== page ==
What is Disorderly Conduct?
Disturbing the Peace
Florida Code §877.03 classifies disorderly conduct and/or disturbing the peace as any act that corrupts public morals, outrages the sense of public decency, or affects the peace and quiet of the people who may witness the incident. Disorderly intoxication follows the same basic premise, but involves acts committed when under the influence. Florida Code §856.011 classifies this offense as any act that endangers another person and/or property, and explains that it is illegal to consume alcohol on public property and then cause a disturbance as a result.
If you have been arrested and charged with disorderly conduct, it is crucial that you obtain legal representation. These charges may seem minor, but in fact they are quite serious. One can be charged with this based on the observation of a law enforcement officer, which is a very subjective situation. You may have not actually been either disorderly at all, but merely exercising your freedom of speech, which is your right as a citizen. First, it is important to understand your rights, so that you will know when they have been violated. If you believe that a law enforcement officer has unlawfully determined this charge against you, you should not hesitate to review the facts of your arrest with an attorney.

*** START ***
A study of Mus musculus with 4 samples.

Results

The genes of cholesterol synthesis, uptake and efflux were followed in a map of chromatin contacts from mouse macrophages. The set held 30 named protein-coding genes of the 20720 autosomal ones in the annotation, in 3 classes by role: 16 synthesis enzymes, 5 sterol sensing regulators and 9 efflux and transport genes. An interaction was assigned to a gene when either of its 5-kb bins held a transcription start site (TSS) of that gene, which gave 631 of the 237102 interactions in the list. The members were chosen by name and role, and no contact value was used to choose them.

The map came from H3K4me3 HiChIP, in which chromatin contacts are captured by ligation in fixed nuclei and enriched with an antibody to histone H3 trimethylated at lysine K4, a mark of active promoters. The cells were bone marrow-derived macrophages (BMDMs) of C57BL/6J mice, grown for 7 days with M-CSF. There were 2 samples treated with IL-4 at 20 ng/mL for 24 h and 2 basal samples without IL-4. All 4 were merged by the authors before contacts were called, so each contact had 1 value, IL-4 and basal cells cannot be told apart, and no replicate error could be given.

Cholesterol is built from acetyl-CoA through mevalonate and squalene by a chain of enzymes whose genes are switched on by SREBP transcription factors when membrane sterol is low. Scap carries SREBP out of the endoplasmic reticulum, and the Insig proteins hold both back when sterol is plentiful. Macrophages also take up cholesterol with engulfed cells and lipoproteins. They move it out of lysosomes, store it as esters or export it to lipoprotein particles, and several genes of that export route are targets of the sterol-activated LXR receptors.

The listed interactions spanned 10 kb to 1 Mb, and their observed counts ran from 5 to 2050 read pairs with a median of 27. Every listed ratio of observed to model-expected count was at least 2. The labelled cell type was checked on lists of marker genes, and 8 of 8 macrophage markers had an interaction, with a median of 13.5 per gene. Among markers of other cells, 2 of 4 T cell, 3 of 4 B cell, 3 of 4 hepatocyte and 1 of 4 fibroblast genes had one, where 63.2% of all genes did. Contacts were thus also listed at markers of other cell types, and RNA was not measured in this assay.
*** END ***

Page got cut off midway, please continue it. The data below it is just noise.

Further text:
If convicted, this will go on your permanent criminal record and can affect such things as future employment and education. Such a conviction on your criminal record may not be what you want available for access to any future employer, and not to mention, if you are convicted of disorderly intoxication, you will be subject to the penalties of a misdemeanor in the second degree.
When charges such as disorderly conduct or disorderly intoxication are made against you, these charges are usually based on the observation of law enforcement at the time of the incident. When dealing with defending such a charge, there are often opportunities to get the charges dismissed altogether.